Mission Accomplished (or: how to read 184 books in 5 months)

These are the ridiculously detailed reading calendars I used to get through my PhD exam reading.

Two things I’ve loved about this spring: seeing What Can’t Wait on a real shelf in a real bookstore and seeing our little boy Liam crawl, walk, giggle, eat, and be.

One thing I didn’t always enjoy but love being able to write about now: reading 184 books in five months.

Me, a masochist? No, just your typical comparative literature graduate student trying to get to her dissertation. Yes, we really do read that much. From Walter Scott’s Rob Roy to Georges Perec’s La Vie mode d’emploi and Ricardo Piglia’s Respiración artificial, I’ve been reading across three continents and four languages to get ready for my PhD qualifying exams.

I can talk about it now without hyperventilating because today is the one-week anniversary of passing them! I also now feel free to tell you how I managed to read all these books while also teaching, promoting my new book, writing (at least a little), and squeezing in QT with my boys.

I have three not-very-secret “secrets” to offer you if you are going to be tackling an overwhelming task (reading or otherwise).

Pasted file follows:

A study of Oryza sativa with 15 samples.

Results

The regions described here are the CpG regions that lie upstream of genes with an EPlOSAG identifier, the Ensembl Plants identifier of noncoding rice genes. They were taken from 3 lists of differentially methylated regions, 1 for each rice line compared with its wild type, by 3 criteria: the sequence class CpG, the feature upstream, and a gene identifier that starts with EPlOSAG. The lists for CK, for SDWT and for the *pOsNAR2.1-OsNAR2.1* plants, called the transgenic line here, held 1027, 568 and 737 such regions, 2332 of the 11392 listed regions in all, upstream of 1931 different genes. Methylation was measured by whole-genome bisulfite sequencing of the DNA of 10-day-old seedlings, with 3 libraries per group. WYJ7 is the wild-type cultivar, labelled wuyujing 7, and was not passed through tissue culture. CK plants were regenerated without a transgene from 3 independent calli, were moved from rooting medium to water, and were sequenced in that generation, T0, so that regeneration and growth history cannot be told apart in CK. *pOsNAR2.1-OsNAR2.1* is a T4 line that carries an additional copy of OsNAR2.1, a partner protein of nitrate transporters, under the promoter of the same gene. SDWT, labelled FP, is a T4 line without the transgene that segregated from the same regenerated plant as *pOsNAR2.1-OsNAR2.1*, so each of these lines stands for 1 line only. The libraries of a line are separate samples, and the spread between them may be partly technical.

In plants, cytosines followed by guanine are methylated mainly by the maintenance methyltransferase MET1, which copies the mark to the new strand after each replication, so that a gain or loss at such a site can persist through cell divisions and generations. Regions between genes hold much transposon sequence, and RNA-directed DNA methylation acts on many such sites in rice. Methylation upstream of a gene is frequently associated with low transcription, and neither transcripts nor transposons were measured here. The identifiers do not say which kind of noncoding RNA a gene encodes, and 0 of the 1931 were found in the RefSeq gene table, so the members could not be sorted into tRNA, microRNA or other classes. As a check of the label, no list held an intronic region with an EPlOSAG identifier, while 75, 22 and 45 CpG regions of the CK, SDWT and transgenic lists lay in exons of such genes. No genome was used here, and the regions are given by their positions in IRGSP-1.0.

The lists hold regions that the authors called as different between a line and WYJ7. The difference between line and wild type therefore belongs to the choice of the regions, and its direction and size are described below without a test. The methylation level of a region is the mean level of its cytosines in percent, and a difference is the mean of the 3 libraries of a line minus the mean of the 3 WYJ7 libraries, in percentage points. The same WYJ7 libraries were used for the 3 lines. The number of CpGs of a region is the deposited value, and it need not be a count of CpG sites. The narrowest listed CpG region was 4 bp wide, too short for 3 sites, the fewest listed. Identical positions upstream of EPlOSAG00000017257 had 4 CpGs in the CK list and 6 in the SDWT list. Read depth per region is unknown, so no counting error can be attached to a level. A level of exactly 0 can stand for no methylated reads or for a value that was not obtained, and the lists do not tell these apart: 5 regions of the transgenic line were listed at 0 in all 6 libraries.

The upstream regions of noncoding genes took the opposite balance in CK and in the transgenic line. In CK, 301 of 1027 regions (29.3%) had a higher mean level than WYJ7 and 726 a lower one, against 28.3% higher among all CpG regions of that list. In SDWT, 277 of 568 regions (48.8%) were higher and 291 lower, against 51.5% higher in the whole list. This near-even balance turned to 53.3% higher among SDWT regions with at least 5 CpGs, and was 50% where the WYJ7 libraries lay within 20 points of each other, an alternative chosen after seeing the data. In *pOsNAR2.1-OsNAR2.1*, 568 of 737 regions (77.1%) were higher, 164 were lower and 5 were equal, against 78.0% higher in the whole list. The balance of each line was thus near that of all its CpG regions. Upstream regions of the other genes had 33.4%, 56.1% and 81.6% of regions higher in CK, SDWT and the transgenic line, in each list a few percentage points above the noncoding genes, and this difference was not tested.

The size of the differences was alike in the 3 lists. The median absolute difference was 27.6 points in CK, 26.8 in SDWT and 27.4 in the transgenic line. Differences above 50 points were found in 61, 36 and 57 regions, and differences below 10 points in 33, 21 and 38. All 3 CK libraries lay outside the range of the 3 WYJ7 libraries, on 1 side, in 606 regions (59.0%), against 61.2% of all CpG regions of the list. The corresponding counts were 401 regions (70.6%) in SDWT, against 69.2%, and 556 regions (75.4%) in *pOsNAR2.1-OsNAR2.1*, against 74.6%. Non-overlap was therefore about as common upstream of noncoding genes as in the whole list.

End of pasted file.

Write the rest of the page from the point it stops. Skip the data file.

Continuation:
Make a schedule. You can see my reading calendars for the past five months in the picture above. I scheduled my texts with sticky notes so that I could move books around easily without accidentally “losing” anything.

Putting every single book I needed to read on a calendar in advance helped me stay calm because it showed me that–even if challenging–reading these books in the allotted time actually was possible. This was integral to finishing my elephant off one bite at a time (to find out what the heck I’m talking about, read this post.)

Be strategic. My biggest sneaky strategic move was to look for as many of the books as possible on audio. This allowed me to read over 30 books while I took care of my son, exercised, drove, and so on. That saved me a whole month of reading time. And while listening is not the same as reading, it’s sometimes better: the unabridged recording of Ulysses made the classic infinitely more accessible and enjoyable. I was also able to find quite a bit of literary criticism in audio form, which helped me to consolidate what I was reading.

Remember that your life is now. In times of stress, it is so tempting to try to just “get through it,” but I don’t like to think of myself as putting off my “real” life. Even when I was tired, I reminded myself that this–today, now–was my life and it was my job to make it productive and positive. I was getting to do something that I love, that no one was oppressing me, that I was reading books I wanted to read. I also resolved not to feel guilty about having fun with my son. No matter what.

That’s the dose of nerdy productivity advice for the day. Happy elephant-eating!